Number of inspectors to increase from four to 10 and also improve the inpsection technology
Geneva: The United Nations is beefing up its inspections of ships bringing humanitarian aid to Yemen to ensure that no military items are being smuggled and to speed delivery of desperately-needed relief supplies, UN and Saudi officials say.
The move comes as the armed Al Houthi militia controlling much of northern Yemen steps up attacks on Saudi Arabia, hitting an oil tanker in the Red Sea on Tuesday.
Saudi Arabia accuses l Iran of supplying missiles to Al Houthis, who have taken over the Yemeni capital Sana’a and other parts of the country.
Under an arms embargo imposed by the UN Security Council, monitors from the UN Verification and Inspection Mechanism (UNVIM) are based in ports in Djibouti, Dubai, Jeddah and Salalah to observe screening of cargo destined for Yemen.
“We met with the UNVIM director and his team in Riyadh and we agreed on improved and enhanced capability,” Saudi Ambassador to Yemen Mohammad Al Jaber told reporters in Geneva on Wednesday.
He said UNVIM would increase its inspectors to 10 from four and its monitors to 16 from six and would also improve its technology to inspect ships.
The team supporting the UN Humanitarian Coordinator in Yemen Lise Grande confirmed to Reuters on Thursday those steps taken to increase the number of monitors and inspectors and the use of scanning equipment.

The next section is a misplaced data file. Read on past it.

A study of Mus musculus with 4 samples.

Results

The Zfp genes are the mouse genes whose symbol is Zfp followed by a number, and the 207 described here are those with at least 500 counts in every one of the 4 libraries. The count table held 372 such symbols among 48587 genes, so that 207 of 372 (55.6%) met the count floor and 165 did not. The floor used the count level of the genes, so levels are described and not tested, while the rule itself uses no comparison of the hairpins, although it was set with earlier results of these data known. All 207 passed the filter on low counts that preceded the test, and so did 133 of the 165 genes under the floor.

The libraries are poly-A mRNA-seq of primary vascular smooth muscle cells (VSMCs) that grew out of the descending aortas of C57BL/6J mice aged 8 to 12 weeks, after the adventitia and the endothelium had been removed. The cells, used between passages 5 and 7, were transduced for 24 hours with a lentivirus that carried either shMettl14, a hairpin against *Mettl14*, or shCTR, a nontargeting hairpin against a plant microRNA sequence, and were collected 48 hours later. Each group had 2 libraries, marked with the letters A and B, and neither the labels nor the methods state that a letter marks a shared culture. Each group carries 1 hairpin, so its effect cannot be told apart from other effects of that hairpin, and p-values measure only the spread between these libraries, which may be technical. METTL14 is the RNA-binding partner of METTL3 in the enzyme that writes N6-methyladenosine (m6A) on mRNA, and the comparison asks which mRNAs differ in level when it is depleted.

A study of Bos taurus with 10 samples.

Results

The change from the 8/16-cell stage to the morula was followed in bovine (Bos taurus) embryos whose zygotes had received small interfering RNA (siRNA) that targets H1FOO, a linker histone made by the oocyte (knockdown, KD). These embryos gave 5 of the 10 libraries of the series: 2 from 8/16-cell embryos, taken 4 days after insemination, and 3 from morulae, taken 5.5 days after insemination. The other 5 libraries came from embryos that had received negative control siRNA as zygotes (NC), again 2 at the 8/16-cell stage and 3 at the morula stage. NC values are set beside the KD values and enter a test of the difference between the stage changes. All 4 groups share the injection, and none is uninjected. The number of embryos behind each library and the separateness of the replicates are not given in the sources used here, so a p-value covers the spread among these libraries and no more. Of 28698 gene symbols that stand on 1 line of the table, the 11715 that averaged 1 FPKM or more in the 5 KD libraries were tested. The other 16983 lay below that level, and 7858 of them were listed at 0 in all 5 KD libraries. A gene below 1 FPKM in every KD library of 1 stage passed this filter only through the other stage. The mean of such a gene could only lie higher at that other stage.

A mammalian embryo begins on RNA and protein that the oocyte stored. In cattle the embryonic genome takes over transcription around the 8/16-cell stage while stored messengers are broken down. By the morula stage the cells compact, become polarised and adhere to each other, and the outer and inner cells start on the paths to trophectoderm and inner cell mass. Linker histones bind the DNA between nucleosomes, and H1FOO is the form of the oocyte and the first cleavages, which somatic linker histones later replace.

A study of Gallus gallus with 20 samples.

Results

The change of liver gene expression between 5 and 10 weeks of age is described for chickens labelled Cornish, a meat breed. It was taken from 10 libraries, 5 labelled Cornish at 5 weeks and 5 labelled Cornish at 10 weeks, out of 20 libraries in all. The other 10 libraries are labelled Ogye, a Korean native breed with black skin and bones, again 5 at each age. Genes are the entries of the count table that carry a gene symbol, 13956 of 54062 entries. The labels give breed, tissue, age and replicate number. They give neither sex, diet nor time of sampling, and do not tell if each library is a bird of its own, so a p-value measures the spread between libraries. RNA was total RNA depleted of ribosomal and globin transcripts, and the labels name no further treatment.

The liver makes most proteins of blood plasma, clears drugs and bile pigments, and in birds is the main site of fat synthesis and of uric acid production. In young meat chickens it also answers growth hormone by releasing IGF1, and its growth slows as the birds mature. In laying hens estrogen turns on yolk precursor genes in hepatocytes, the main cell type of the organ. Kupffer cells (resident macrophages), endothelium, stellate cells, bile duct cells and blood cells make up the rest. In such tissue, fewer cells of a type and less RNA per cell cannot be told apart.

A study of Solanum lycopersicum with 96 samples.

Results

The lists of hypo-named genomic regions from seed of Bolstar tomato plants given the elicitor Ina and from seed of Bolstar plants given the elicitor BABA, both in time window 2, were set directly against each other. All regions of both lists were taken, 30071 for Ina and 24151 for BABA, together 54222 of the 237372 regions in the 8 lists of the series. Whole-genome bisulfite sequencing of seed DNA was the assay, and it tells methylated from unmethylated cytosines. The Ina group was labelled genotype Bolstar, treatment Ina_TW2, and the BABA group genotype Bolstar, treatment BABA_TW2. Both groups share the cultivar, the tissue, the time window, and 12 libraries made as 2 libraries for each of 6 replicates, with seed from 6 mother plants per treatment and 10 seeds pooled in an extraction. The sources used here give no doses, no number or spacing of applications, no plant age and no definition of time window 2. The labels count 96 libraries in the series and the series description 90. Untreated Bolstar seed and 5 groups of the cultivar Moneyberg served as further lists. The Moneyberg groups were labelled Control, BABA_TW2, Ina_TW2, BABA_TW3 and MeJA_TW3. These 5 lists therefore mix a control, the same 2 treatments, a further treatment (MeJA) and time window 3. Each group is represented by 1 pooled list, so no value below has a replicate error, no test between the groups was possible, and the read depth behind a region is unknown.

A major UN pledging conference on Yemen was held this week, drawing pledges of more than $2 billion toward a $3 billion UN humanitarian appeal.
Saudi Arabia and the United Arab Emirates, which lead coalition air strikes in Yemen in support of the internationally-recognised government of President Abd Rabbo Mansour Hadi, have contributed $500 million each.
“We are cooperating with the UNVIM and other UN organisations to facilitate and to increase the amount of ships that arrive to Hodeida port,” Al Jaber said, referring to Yemen’s main port for humanitarian and commercial goods, under Al Houthi control.
UNVIM only checks commercial and aid ships going to northern ports under Houthi control – Hodeida, Salif and Ras Eisa – and not to Aden, which is under government control.
Yemen, the Arabian peninsula’s poorest country, is reeling from the world’s worst humanitarian crisis where 22 million people need vital assistance.